What mall owner David Simon just said about J.C. Penney

Simon Property Group CEO David Simon says he is “very pleased” with J.C. Penney’s results so far but acknowledges it’s “still a work in progress.”

By guest author Maria Halkias from the Dallas Morning News

Captions courtesy by Dallas Morning News

The department store chain is working to improve low morale among its workers and rebuild vendor and landlord relationships that were “burned” in its 2020 bankruptcy, Simon said during a conference call with analysts late Monday. He also said Penney may start selling brands that Simon owns through partnerships, such as its recent acquisition of Eddie Bauer with Authentic Brands Group.

In partnership with Authentic Brands, Simon bought Forever 21 out of bankruptcy and earlier acquired Aéropostale. Authentic Brands owns more than 30 brands, including Juicy Couture, Nine West and Brooks Brothers.

“When we buy a retailer out of bankruptcy, we’re in the stabilization mode and the capital preservation mode. We’ve accomplished both of those already,” Simon said.

Simon and Brookfield Asset Management, the two largest U.S. mall operators, bought Penney out of bankruptcy last year in a transaction valued at USD 1.75 billion with the assumption of debt. The owners recently cut 650 jobs at Penney, including 100 in local corporate operations.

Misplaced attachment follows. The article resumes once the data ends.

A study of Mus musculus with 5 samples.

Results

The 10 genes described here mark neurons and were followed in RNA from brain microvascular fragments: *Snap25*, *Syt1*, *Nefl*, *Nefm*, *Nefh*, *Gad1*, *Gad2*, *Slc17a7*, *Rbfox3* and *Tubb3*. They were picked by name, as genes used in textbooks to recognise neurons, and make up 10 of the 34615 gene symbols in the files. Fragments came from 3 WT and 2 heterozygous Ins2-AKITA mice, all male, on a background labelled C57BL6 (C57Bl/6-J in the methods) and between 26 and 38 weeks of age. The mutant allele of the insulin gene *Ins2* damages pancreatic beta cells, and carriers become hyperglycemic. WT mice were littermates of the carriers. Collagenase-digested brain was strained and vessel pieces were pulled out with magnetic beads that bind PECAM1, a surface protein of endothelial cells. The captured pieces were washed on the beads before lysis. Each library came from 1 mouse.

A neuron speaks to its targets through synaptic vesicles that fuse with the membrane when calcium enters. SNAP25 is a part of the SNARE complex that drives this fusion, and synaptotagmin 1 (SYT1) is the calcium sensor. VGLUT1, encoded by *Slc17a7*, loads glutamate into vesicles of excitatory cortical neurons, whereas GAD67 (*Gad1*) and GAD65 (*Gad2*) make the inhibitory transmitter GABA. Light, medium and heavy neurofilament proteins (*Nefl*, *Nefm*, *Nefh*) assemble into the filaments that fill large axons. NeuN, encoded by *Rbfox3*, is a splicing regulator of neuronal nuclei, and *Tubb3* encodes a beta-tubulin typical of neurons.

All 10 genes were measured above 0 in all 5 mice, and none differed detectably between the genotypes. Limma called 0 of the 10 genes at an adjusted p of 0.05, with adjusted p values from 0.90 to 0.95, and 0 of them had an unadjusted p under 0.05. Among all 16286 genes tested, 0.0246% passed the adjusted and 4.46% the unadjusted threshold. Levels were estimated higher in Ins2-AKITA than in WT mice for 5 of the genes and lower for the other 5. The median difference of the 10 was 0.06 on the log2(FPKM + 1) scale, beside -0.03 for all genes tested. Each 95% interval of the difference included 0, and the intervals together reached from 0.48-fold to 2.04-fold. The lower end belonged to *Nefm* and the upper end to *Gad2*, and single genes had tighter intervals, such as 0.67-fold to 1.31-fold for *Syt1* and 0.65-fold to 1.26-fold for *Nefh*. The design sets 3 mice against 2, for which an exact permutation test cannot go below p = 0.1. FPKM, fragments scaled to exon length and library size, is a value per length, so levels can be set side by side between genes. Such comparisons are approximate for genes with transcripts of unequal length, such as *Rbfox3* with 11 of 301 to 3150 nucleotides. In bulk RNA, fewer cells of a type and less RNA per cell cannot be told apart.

Penney is in the process of closing 18 stores by May 16, adding to the 156 it shut down during the bankruptcy, which will leave it with 672 stores. Simon said Penney still has USD 1.2 billion in cash and no borrowing on its credit line.

Simon said that while more new brands are coming to Penney — the retailer recently added three home brands, including Fieldcrest — there’s still a lot of trust to rebuild post-bankruptcy.

The new owners are “giving the vendors comfort that we’re going to be around and able to pay for the goods,” he said. “And we’re seeing more and more confidence from the vendor community.”

Simon also shed some light on what the new owners plan to do with the 119-year-old department store chain.

He said there are opportunities through Simon’s 4-year-old partnership with Authentic Brands, called SPARC Group, as well as with brands Authentic owns separately.

“I think it’s not just SPARC brands but it could be ABG brands. Remember ABG owns a lot — they have the IP for a lot of different brands. So the answer is without question … it takes time obviously to design it, manufacture it and get it in there,” Simon said. “But I would think in 2022, maybe even late 2021, we’ll start to see a lot of the ABG brands end up in J.C. Penney.”

Lifting Penney’s employee morale is “harder to do in COVID when people are working remotely,” he said. “I’ve been proud of the execution and so far the results. Our plan is above where we thought it was going to be.”

Buthe conceded the task of turning “Penney into a 21st century retailer, that’s still work in progress.”

Simon made his comments as Simon Property Group reported a first-quarter revenue decline of 8 % to USD 1.24 billion from a year ago and a 1.8 % increase in profit to USD 445.9 million while raising its outlook for the year as it digs out of the pandemic-led temporary and permanent store shutdowns.

Simon’s average mall occupancy in the quarter was 90.8 % as of March 31 vs. 94% a year ago and a recent peak of 95.1% in March 2019.